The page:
Professor David Miller has a strange attitude towards some students at Bristol University, where he teaches sociology. This extends even to some of the students on his own course.
To put it bluntly, he thinks that some of the students on his campus, and in his lectures, are agents for a hostile foreign power. He thinks they act under the command of this foreign state as part of a global strategy – an “all-out onslaught”, as he puts it – by this country “to impose their will all over the world.” In particular, he thinks these students are at the forefront of a “campaign of censorship” and “political surveillance” in support of an ideology that, he says, “has no place in any society.”
Who are these young men and women who pose such a threat to Professor Miller, in between logging on to their zoom lectures and trying to make new friends when they aren’t even allowed out of their student accommodation?
No surprise about who Miller has in his sights: Bristol University Jewish Society and the Union of Jewish Students, both of whom, he claims, are ultimately “directed by the State of Israel”.
This is nothing short of an antisemitic conspiracy theory, and it isn’t the first time Miller has indulged such fantasies. Before arriving at Bristol, Miller made his name with his theory of the “Five Pillars of Islamophobia”, which claimed that anti-Muslim prejudice was encouraged and spread by, amongst others, “parts of the Zionist movement”. To justify this claim, Miller produced reports which aimed to prove that the “wealthy businessmen and financiers” who gave money to organisations he deemed to be Islamophobic, also gave money to pro-Israel and Jewish causes; thereby putting “the financial and political resources of the Israel lobby” in the service of global Islamophobia.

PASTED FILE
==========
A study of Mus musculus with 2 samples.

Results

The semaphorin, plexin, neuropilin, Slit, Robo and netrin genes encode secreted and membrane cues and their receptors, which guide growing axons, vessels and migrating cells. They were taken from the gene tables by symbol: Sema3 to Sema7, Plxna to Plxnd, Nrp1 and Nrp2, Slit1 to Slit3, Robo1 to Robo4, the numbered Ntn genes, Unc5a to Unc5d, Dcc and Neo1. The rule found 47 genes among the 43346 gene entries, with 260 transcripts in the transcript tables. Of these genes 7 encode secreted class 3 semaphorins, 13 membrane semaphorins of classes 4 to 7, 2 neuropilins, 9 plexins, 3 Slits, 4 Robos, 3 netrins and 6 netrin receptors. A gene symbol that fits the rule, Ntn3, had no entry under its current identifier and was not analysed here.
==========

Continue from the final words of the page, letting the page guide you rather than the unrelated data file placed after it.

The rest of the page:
His research was based on cherry-picked data and his conclusions relied more on inference than evidence, but astonishingly this was enough for Bristol University to give him a Professorship and allow him to teach this dangerous nonsense to students. It can’t be stressed enough that Bristol University hired him in full knowledge that this was the nature of his academic work. Since then, the university’s senior management has haughtily dismissed repeated complaints from Jewish students and staff at Bristol, and from UJS and CST, amongst others, and now they have a problem entirely of their own making.
Miller believes his academic freedom is under threat, but it is his spurious accusations that threaten the academic freedom of his Jewish students, to study free from the suspicion and hostility he clearly feels towards them.
Given his latest comments, it is inconceivable that Bristol University can allow Miller to continue teaching while also observing their legal duty of care to those same students. They need to urgently address this problem, and it is positive that they are meeting representatives of Bristol’s Jewish Society to hear their concerns.
However, this case raises issues that go well beyond David Miller. CST’s recent report Campus Antisemitism in Britain showed that campus-related antisemitic incidents have been at unprecedented levels over the past two years, and some of these incidents were perpetrated by academic staff.
Meanwhile, there is strong resistance from some academics around the country to the adoption of the IHRA definition of antisemitism, such as at UCL where the Academic Board recently recommended that their institution should reverse their previous adoption of the definition.
Those academic opponents of the IHRA definition often suggest an alternative definition of antisemitism as “hostility towards Jews as Jews”, and complain that talk of antisemitism masked as anti-Zionism is a distraction from “real antisemitism”. It would be helpful to know if those same academics agree that Professor Miller’s language has been antisemitic. So far, there has been almost complete silence from the usual voices in academia who are normally so quick to sign their round-robin letters to the Guardian. Perhaps it is simply the case that, for many of them, protecting Jewish students from antisemitism isn’t such a priority after all.